What are activities that would otherwise constitute offences and why does CSIS need to engage in them?

Backgrounder

The Canadian Security Intelligence Service is responsible for ensuring that Canada and Canadians are safe from national security threats such as acts of terrorism, espionage and foreign interference.

We do so, in part, by gathering crucial information and obtaining access to individuals who may pose a threat to Canada’s national security and advising the Government of Canada or taking appropriate measures to reduce threats.

In carrying out our duties, CSIS relies on the assistance of persons, including human sources, who have access to people, organizations and activities that pose a threat to the security of Canada. These individuals are in a position to provide intelligence – that often could not be obtained by other means – to support investigations.  

Supporting this work requires that we provide logistical or financial support to those sources to enable their access to vital information.  This may involve paying a source for information or providing electronic items such as cellphones.

Where the subjects of an investigation are engaged in unlawful offences, sources may be required to participate to some degree, in order to gain trust, maintain credibility, and develop access. Not being able to do so can potentially put them at risk.

CSIS relied on Crown immunity to conduct activities routinely used by intelligence agencies and police forces in allied countries throughout the normal course of their duties. However, in Canada, this may involve activities that could constitute terrorism offences in the Criminal Code.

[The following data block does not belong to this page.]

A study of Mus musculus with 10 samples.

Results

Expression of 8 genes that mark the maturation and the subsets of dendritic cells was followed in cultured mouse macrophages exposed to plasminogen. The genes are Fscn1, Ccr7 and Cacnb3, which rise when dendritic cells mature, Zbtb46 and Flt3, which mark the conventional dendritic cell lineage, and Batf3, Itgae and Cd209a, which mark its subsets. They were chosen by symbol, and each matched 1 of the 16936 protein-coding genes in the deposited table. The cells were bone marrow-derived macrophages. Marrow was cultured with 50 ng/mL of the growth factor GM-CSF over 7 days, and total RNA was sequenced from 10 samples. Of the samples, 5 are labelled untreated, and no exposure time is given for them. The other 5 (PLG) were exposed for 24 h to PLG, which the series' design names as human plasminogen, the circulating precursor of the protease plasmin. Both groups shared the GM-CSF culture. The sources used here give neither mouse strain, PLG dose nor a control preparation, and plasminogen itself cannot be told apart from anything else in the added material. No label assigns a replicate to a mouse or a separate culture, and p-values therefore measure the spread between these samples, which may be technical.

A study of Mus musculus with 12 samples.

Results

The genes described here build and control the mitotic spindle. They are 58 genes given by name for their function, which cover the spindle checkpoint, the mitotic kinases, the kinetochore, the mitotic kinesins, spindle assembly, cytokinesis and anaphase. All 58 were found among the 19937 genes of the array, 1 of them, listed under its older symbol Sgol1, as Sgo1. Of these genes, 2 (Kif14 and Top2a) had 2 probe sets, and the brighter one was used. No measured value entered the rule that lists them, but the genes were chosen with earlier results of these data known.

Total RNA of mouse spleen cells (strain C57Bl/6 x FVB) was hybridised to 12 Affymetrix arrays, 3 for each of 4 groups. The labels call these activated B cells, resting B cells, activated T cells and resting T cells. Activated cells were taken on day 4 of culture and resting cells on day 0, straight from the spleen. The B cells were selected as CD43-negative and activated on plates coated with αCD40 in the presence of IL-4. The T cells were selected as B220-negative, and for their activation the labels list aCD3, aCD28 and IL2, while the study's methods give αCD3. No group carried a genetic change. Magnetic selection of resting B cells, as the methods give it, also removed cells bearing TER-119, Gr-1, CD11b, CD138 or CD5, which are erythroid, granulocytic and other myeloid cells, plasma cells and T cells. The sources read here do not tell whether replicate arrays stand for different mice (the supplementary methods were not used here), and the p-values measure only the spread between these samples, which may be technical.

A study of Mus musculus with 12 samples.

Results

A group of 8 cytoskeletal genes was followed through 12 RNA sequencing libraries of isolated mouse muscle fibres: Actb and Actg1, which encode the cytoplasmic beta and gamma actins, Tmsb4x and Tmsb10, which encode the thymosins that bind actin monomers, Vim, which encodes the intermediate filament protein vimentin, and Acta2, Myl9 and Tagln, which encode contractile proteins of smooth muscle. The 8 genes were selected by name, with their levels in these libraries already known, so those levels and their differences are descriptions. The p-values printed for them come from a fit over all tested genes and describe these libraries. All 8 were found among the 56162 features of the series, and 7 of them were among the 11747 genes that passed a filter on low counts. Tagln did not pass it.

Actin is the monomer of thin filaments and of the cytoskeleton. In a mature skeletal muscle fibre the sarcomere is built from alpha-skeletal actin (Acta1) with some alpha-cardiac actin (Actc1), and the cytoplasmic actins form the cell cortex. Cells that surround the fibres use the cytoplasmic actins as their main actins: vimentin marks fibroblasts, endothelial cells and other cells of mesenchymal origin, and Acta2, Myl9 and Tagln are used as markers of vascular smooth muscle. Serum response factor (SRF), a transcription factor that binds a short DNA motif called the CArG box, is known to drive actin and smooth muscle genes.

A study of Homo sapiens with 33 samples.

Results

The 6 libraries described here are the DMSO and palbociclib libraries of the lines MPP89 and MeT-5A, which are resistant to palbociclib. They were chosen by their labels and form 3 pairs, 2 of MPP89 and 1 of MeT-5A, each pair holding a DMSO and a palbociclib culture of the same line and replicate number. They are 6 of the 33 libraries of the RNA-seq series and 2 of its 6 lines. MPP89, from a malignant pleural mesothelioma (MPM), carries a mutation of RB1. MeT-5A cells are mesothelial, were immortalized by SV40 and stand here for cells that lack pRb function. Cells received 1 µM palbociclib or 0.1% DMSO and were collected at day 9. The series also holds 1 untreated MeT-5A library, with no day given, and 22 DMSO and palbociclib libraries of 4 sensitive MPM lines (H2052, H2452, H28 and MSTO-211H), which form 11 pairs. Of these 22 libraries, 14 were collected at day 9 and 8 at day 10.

The National Security Act, 2017 provides a limited justification framework for certain acts or omissions that would otherwise constitute offences.  This framework is modelled on protections already in place for Canadian law enforcement. Within strict parameters, certain employees are authorized to take the necessary measures to conduct lawful, covert investigations.

The establishment of the justification framework enables CSIS to carry out operational activities that are necessary to the achievement of our mandate. The justification framework provides for the conduct of certain activities that otherwise constitute offences so that CSIS can continue to effectively investigate threats to the security of Canada, particularly those in the terrorist domain.

Please see the CSIS website for more information on the National Security Act (2017).